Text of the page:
One of the lines on my about page is, “I have felt loneliness deeply, I am called to care for other lonely people. I am convinced that in the deserted places of our souls, God desires to bring us water.”
In November, loneliness paid me an unexpected and LONG visit once again. It’s more than a little ironic that I became the person I was called to care for. My visitor was a new form of loneliness. It wasn’t because I didn’t have friends (I did and still do have amazing friends!). It wasn’t because Sean was traveling for work. It wasn’t even because I felt distant from God. On the contrary, I’ve never felt more intimately connected with God than in the last two years.
Though I’ve never shared this openly on my website, many of my loved ones know that I’ve dealt with mild anxiety for several years. Since moving to Utah, it has ebbed and flowed. What I mean by anxiety isn’t simply worrying about things.
It’s obsessively reliving moments from the day:
Did I offend them when I said that one thing and totally destroy our relationship? Did I do a crappy job when I led that Bible study? I SHOULD NOT have done xyz. I SHOULD have done xyz.
It’s constantly going over minor details and thinking in absolutes:
I need to send that email or everything will fall apart. I need to reach out to that student or they will never come to the ministry again. Everything is going to utterly fail because I am a failure.
And it’s the physical symptoms:
Tight chest, churning stomach, racing heart- constant without relief.
Normally these incidents are few and far between and are often resolved by either dealing with conflict I’ve been avoiding or finishing a stressful week. I’ve been able to manage anxiety through prayer, seeing a therapist from time to time, physical exercise, and being open about my struggles with my husband and my friends.
Well in November, Anxiety decided to invite a “friend” to our party. A friend that I really had no intention of starting a relationship with at all.
For months, I was having trouble sleeping. When I did sleep, I woke up still feeling exhausted. I was caring for my students well, leading Bible studies and leaders’ meetings successfully, but each day I would come home experiencing fatigue like I never had before. Activities that I normally loved were no longer fulfilling- I couldn’t concentrate on a good book, I dreaded going out for a run, and I felt overwhelmed at social gatherings. Trivial decisions became impossible. Feelings of hopelessness began to creep in.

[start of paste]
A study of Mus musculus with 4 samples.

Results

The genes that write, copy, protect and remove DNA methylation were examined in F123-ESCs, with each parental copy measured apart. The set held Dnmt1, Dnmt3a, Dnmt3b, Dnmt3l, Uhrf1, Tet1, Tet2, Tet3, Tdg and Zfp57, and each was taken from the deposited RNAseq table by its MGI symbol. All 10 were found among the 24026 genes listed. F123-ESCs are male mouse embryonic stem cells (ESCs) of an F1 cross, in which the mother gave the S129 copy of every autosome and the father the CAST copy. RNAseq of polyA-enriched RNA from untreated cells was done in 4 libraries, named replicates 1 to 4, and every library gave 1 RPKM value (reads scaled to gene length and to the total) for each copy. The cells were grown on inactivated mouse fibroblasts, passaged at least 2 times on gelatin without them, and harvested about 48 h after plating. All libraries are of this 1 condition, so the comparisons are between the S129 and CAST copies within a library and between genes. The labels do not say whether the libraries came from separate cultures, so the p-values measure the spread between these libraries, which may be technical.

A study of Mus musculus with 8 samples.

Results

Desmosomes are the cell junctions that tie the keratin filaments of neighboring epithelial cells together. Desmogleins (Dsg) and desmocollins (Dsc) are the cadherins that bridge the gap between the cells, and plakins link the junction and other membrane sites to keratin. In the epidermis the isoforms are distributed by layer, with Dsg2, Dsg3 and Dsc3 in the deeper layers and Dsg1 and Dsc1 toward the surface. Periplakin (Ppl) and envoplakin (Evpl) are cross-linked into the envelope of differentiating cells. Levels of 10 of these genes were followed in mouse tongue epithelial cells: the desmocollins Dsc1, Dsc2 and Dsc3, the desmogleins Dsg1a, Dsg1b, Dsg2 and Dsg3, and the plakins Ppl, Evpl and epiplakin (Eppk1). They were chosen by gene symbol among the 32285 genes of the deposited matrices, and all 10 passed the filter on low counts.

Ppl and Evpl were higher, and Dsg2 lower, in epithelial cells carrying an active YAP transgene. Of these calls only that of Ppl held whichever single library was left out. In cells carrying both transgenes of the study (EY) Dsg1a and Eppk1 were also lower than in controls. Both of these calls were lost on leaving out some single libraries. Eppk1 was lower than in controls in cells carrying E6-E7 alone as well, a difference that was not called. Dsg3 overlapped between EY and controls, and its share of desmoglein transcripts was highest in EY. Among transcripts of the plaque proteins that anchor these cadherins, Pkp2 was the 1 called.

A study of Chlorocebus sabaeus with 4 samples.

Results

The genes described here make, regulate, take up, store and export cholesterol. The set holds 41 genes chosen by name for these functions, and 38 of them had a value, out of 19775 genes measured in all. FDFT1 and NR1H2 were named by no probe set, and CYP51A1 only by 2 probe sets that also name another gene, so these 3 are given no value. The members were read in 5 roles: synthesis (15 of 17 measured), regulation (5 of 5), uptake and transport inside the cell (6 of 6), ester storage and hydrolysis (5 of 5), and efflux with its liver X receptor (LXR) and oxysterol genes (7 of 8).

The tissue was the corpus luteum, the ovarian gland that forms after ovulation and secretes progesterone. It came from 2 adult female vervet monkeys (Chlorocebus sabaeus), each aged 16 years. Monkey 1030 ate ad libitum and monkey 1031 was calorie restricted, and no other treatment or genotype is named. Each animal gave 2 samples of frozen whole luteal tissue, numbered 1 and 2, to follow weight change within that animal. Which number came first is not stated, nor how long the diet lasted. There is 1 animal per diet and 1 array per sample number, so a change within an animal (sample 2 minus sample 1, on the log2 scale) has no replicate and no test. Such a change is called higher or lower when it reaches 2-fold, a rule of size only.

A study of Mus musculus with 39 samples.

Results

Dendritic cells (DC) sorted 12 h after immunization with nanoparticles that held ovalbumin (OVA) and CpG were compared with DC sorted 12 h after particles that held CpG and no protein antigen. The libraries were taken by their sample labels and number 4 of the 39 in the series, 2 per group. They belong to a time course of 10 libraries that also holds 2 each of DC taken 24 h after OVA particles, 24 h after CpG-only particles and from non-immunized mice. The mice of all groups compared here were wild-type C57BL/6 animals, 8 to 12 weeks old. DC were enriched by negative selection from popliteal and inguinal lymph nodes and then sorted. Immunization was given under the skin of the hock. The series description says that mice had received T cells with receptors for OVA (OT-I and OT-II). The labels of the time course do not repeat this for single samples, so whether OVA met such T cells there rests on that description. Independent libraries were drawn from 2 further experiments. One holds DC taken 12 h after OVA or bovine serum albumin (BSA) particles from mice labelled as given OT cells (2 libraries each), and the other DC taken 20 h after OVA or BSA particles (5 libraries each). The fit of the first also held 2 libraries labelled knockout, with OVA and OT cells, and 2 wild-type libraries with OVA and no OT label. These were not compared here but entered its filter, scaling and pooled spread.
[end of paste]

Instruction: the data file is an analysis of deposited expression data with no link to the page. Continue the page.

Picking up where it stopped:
I told my therapist, Darryl, about going to the grocery store and walking around aimlessly, trying to figure out what to buy for dinner. Chicken? Pizza? A block of cheese? I couldn’t decide. Everything seemed too overwhelming. After about 15 minutes, I walked out of the store having bought nothing. Tears spilling on the steering wheel of my car, I knew something was wrong.
With concern in his eyes, Darryl gently asked me several questions.
Have you been experiencing insomnia? Yep.
Have you been feeling abnormal amounts of hopelessness? For sure.
Are you having trouble enjoying activities that normally give you pleasure? Ugh. Yes.
Speaking with compassion and patience, Darryl shared that he thought I was experiencing my first depressive episode.
The next several weeks, I felt like I was half-dead- walking around like a zombie, slow and clumsy. Yet I was also agitated and constantly on the verge of tears. Leaving the house was an accomplishment for the day.
As November came to a close, I found great comfort in the season of Advent- a time filled with silent longing for God’s Kingdom to come, for hope to be restored and healing to be unleashed. Yet the celebration of Christ’s actual coming, Christmas Day, was muted. How could I inhabit a season filled with joy and celebration when I felt so awful?
I shared what was happening with several people I trusted (see Team Alison) and found incredible support and encouragement. My InterVarsity supervisors worked with me to create a manageable schedule on campus. And my therapist and I worked on filling my time with life-giving rhythms: allowing and even asking friends to cook for me, training for a half-marathon, eating a lot of chocolate. By the end of January, my health began to turn around. I began to feel more and more like myself again. The fog was lifting and joy slowly started returning.
Creative endeavors are still difficult. I thought being able to write again would return quickly but each time I sit down at my computer, an unsurmountable wall seems to erect itself. I still don’t quite have the stamina to creatively express myself. Thankfully, God urges me to be patient with myself, to not sweat it. It’s ok if your blog goes cold for several months. You are what is beloved to me! Not your words, simply you!
Anxiety and Depression form an unholy partnership: Anxiety tells you that you’re never enough but demands perfection and Depression tells you that you’re worthless but prevents you from doing anything about it. It is a depth of loneliness that roots itself in confusion and misunderstanding. Not only do others have difficulty understanding what is happening to you but you don’t even really get it yourself.
Yet in all of this, God’s constant words, spoken to me through God’s gracious gift of the Body of Christ- friends, mentors, therapists, loved ones- ring clearly through the chaos and uncertainty.
You are so deeply loved. I’ve got you. We will get through this.
Things have been better lately. Not 100%. But better. And I will continue to trust the Lord because, like Peter, I know that there is no where else I can go. In the midst of what feels like death, Christ has the words of eternal life and I have believed and come to know that He is the Holy One of God.
As God’s beloved, I am able to press the keys once again.